Student-led research tests nature’s cleaning capability

LMC STEM Research Symposium brings botanicals into focus

Media Contact: Juliet V. Casey, Director of Marketing (925) 473-7322 


Chemistry major, David Virden explains his teams poster at the symposium

From how to help plants cope with heavy metals in the soil to removing pollutants from water, Los Medanos College students this semester tested some of nature’s own cleaning products and presented their findings during the LMC STEM Research Symposium in May.

The experience inspired hope and enthusiasm for work the new generation of scientists could develop to address the adverse effects of pollution on the planet. The event showcased dozens of student projects.

David Virden, a chemistry major, presented a poster on research his team did using fruit peels from avocados and watermelons to absorb color dyes from water. The idea was to see if these materials would be effective in removing pollutants from water, and whether those materials could withstand repeated use.

The results proved hopeful, Virden said, noting that the avocado peels were effective in removing dye from the water, and became more effective even after repeated use. Watermelon peels also were effective, though not as efficient over time.

“Hope can come from the most strange places,” he said. “Avocado peels – who knew? The same stuff used to make guacamole can be used to clean up polluted water. It may not be a universal solution. Maybe future research will show other peels from other fruits will work for different pollutants.”

Interim Dean of Sciences Nicole Trager said LMC is committed to providing students with hands-on research experience, which has been shown to improve student outcomes. She said a large body of research suggests students who participate in hands-on research more quickly determine career paths in STEM fields and experience more success within their chosen fields.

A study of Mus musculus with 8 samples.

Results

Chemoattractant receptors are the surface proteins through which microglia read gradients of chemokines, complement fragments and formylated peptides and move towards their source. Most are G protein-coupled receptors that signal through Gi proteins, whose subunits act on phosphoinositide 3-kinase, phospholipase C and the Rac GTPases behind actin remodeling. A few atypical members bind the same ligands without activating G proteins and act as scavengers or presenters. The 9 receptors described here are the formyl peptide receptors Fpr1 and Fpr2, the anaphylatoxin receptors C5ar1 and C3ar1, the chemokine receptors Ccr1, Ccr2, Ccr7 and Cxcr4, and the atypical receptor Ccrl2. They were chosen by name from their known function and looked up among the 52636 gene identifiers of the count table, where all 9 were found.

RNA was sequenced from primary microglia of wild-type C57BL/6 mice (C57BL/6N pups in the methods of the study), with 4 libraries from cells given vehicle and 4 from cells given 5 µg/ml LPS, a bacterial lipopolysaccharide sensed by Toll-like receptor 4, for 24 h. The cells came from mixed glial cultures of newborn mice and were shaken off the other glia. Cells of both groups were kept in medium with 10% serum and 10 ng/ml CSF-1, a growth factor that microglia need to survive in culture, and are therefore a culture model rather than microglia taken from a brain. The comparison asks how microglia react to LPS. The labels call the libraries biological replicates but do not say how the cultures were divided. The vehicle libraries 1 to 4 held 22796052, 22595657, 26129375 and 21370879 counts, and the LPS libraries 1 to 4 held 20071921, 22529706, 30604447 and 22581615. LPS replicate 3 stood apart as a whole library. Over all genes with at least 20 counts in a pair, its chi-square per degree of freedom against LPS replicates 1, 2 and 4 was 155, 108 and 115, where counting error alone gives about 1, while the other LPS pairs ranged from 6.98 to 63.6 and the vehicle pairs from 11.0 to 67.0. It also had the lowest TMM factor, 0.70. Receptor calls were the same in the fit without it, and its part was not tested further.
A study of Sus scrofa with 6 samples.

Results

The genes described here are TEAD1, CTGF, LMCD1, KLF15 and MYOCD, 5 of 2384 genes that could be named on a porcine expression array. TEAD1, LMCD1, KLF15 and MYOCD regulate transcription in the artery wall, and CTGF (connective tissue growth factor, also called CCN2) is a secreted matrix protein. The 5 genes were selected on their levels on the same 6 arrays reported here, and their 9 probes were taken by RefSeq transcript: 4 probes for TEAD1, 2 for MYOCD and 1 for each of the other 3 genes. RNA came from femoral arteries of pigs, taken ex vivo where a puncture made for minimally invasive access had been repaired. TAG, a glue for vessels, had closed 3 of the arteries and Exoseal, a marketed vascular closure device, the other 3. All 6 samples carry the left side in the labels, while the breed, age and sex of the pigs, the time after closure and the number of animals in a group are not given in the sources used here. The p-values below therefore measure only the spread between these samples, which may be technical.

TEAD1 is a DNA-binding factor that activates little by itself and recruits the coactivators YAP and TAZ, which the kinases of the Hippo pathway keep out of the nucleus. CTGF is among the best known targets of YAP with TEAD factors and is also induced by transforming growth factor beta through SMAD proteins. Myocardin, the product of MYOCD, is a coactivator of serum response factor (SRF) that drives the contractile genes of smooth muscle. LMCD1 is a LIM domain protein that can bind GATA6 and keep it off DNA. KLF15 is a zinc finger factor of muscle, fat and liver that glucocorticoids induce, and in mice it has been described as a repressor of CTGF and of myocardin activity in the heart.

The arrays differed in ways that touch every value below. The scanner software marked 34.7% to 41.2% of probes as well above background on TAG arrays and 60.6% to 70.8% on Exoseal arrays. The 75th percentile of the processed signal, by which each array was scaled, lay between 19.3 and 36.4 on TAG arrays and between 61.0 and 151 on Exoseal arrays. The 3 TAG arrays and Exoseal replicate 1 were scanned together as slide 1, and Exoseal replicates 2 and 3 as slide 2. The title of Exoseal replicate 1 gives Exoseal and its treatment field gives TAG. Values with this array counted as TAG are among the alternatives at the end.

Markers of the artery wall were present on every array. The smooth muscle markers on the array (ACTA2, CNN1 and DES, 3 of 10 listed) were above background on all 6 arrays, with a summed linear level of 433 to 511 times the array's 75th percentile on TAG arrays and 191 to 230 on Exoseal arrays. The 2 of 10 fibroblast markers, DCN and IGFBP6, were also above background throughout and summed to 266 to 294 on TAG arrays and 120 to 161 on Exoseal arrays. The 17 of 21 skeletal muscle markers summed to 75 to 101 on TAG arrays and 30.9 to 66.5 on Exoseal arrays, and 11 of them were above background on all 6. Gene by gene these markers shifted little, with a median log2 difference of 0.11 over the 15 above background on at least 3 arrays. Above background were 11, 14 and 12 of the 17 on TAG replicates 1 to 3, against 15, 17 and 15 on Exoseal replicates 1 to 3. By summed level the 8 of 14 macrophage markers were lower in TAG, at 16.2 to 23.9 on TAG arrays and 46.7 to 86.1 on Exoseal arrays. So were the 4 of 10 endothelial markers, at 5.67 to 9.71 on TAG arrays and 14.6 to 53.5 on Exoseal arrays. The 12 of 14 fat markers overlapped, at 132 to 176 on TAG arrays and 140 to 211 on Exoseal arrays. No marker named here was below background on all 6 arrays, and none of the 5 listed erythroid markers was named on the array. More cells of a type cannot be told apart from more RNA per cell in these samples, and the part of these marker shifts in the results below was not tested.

Heath Galiwango, a biology major, and his team tested the effects of microbes on plants that had been in soil contaminated by heavy metals, such as lead nitrate. Microbes, he said, are known to remove contaminants and provide nutrients to plants. This research could inform industries that produce such metals on how to mitigate their effects on the land, he said.

“We didn’t really get the results we hypothesized,” Galiwango said. “Everything died. All our plants died.”

Still, the experience helped him build confidence.

“This really helped me fight against discomfort of public speaking,” Galiwango said.

Deer Valley High School students were invited to attend the poster session, which gave LMC students an opportunity to test their presentation skills and inspire future students.

For Rehanna Karimi, a first-year biology major, this was a highlight of the experience.

“Talking to the high school students was a lot of fun,” she said. “I’d start by asking them what their favorite sea animal is and go into our project from there. It’s amazing to see how much we’ve grown since our high school days.”

Karimi’s project focused on measuring the effects of salt water on plankton, and by extension its effects on food chain and ecosystem in Big Break Regional Shoreline in Oakey. The LMC study was the first of its kind for the area. Students had no prior data about Big Break salinity from which to build.

“The fact we’re able to see and do this kind of research as an undergrad is really cool and a huge advantage,” she said.

Graphic design specialist David Valencia contributed to this report.